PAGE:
The site of the National Boy Scout Jamboree was closed to outsiders Tuesday for a safety review and to give tens of thousands of Scouts the chance to grieve for four adult leaders who were electrocuted as they set up camp on the event's opening day.
The Scouts tried to go about the regular activities of the Jamboree, which is held here every four years and attracts youngsters from across the country and throughout the world. Investigators, meanwhile, tried to determine how the accident occurred.
As Scouts roamed their tent city, heading for archery ranges and scuba pools, leaders said the deaths had cast a pall over the beginning of what was supposed to be 10 days of pure fun. Yet they vowed the event would continue as planned.
Military officials closed Fort A.P. Hill to visitors, citing extreme heat, threats of lightning and the need to give Scouts time to deal with the deaths, which Boy Scouts national spokesman Gregg Shields called the organization's "worst disaster" in the 68-year history of jamborees.
After a brief news conference at the base, reporters were asked to leave, and Scout leaders at the Jamboree and across the country were told not to comment on the incident. Army Maj. Vince Mitchell, a public affairs officer with the First U.S. Army, which oversees military forces at the Jamboree, said the accident had prompted a basewide review of safety procedures.
Shields gave no further information about how Monday's accident happened, saying only that it occurred as the leaders -- with troops from western Alaska looking on -- erected a large canopy that was to be used as a dining area.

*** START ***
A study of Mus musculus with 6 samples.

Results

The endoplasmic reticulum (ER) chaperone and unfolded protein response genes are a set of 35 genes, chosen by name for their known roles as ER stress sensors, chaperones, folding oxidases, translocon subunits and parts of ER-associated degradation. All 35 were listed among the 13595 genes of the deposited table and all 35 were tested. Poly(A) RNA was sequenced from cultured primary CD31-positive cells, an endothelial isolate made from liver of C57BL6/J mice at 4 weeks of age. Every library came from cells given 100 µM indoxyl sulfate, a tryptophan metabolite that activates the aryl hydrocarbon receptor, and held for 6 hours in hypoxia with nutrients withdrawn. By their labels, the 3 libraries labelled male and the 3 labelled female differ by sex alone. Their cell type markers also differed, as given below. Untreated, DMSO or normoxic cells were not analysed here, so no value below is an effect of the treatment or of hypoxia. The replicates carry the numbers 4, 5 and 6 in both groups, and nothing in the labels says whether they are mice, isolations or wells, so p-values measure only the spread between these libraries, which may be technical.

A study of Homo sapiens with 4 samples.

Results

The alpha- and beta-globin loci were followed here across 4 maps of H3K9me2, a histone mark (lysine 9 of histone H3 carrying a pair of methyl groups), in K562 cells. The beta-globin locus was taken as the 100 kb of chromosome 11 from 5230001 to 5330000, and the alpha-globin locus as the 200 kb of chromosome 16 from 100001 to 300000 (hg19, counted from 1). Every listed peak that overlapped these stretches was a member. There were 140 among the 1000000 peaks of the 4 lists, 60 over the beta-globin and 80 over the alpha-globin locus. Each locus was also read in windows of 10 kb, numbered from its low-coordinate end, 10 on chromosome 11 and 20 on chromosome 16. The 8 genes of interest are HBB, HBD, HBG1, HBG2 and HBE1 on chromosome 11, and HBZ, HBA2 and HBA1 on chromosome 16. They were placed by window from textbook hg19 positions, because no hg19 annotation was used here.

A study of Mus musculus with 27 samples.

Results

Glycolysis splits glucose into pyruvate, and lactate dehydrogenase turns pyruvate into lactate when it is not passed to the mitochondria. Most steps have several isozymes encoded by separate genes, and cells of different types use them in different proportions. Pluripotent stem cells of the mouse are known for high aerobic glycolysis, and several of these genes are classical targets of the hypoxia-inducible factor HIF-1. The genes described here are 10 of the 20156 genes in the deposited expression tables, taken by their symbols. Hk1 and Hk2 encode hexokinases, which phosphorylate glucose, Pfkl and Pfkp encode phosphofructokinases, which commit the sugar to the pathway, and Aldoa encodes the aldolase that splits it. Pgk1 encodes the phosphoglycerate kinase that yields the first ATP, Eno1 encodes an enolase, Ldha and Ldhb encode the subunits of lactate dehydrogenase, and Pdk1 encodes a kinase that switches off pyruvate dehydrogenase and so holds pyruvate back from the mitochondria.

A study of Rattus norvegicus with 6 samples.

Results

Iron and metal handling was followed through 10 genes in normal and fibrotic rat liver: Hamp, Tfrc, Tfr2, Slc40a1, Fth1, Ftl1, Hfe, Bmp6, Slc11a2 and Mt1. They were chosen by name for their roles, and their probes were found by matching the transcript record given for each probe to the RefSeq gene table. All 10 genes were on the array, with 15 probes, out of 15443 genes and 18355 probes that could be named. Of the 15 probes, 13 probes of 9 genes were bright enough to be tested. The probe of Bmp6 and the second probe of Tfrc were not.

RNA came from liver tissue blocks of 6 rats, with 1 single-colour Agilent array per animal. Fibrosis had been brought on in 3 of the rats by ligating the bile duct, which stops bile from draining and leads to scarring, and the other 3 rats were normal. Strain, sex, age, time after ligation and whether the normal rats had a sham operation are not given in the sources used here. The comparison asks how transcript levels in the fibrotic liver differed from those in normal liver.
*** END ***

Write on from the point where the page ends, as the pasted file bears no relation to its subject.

He also identified the Scout leaders who were killed: Ronald H. Bitzer, 58, Michael J. Shibe, 49, and Mike Lacroix, 42, all of Anchorage; and Scott E. Powell, 57, who recently had moved to Perrysville, Ohio.
Four others were hurt in the accident, including a Scout who was treated for minor injuries, Shields said. Two -- Anchorage Scout leader Jay Lawrence Call, 43, and a contractor who has not been identified -- were in stable condition at Virginia Commonwealth University Medical Center in Richmond. Another contractor was treated and released, Shields said.
Shibe was with two sons at the Jamboree, and Lacroix was with one, Shields said. The three boys were on their way home to Alaska on Tuesday, he said.
A memorial service for the leaders who were killed is planned for Wednesday, Shields said. President Bush is still expected to speak to Scouts at a kickoff show Wednesday night, he said.
Shields said Scouts had been informed of the deaths in the Jamboree's daily newspaper and by its radio station, both of which are run by Scouts. He said some troop leaders had met with their Scouts to speak about the tragedy.
Yet some Scouts seemed to have been left in the dark, getting information only by word of mouth -- which, in some cases, spiraled into tales that Scouting officials insisted were untrue.
"What accident?" one boy at the Jamboree asked another after being told reporters were on base to cover an accident.
"Five kids got electrocuted," his friend responded.
Later, four members of a Scout band who roamed downtown Fredericksburg after a performance Tuesday afternoon said they had heard that there had also been two heat exhaustion deaths at the jamboree. Some said they were told the electrical accident occurred when a truck hit a telephone pole, causing it to fall on camp showers.
Shields said that there were no deaths from heat exhaustion and that authorities did not believe a vehicle was involved in the electrical accident.
The Scouts in Fredericksburg said the jamboree's sad start had not quashed their expectations of an action-packed week. They noted that the jamboree, which drew more than 40,000 Scouts and leaders, amounted to a small city -- and that they saw the deaths as something to be expected in such a place.
"No one's hit really, really hard except for those troops" from Alaska, said Andrew Townsend, 16, a Scout from American Fork, Utah.
On the Jamboree radio station, QBSA, Scout disc jockeys also seemed focused on getting on with the campout, offering upbeat announcements -- deadlines for science projects and reminders about rappelling opportunities -- and songs by the Village People and Coldplay.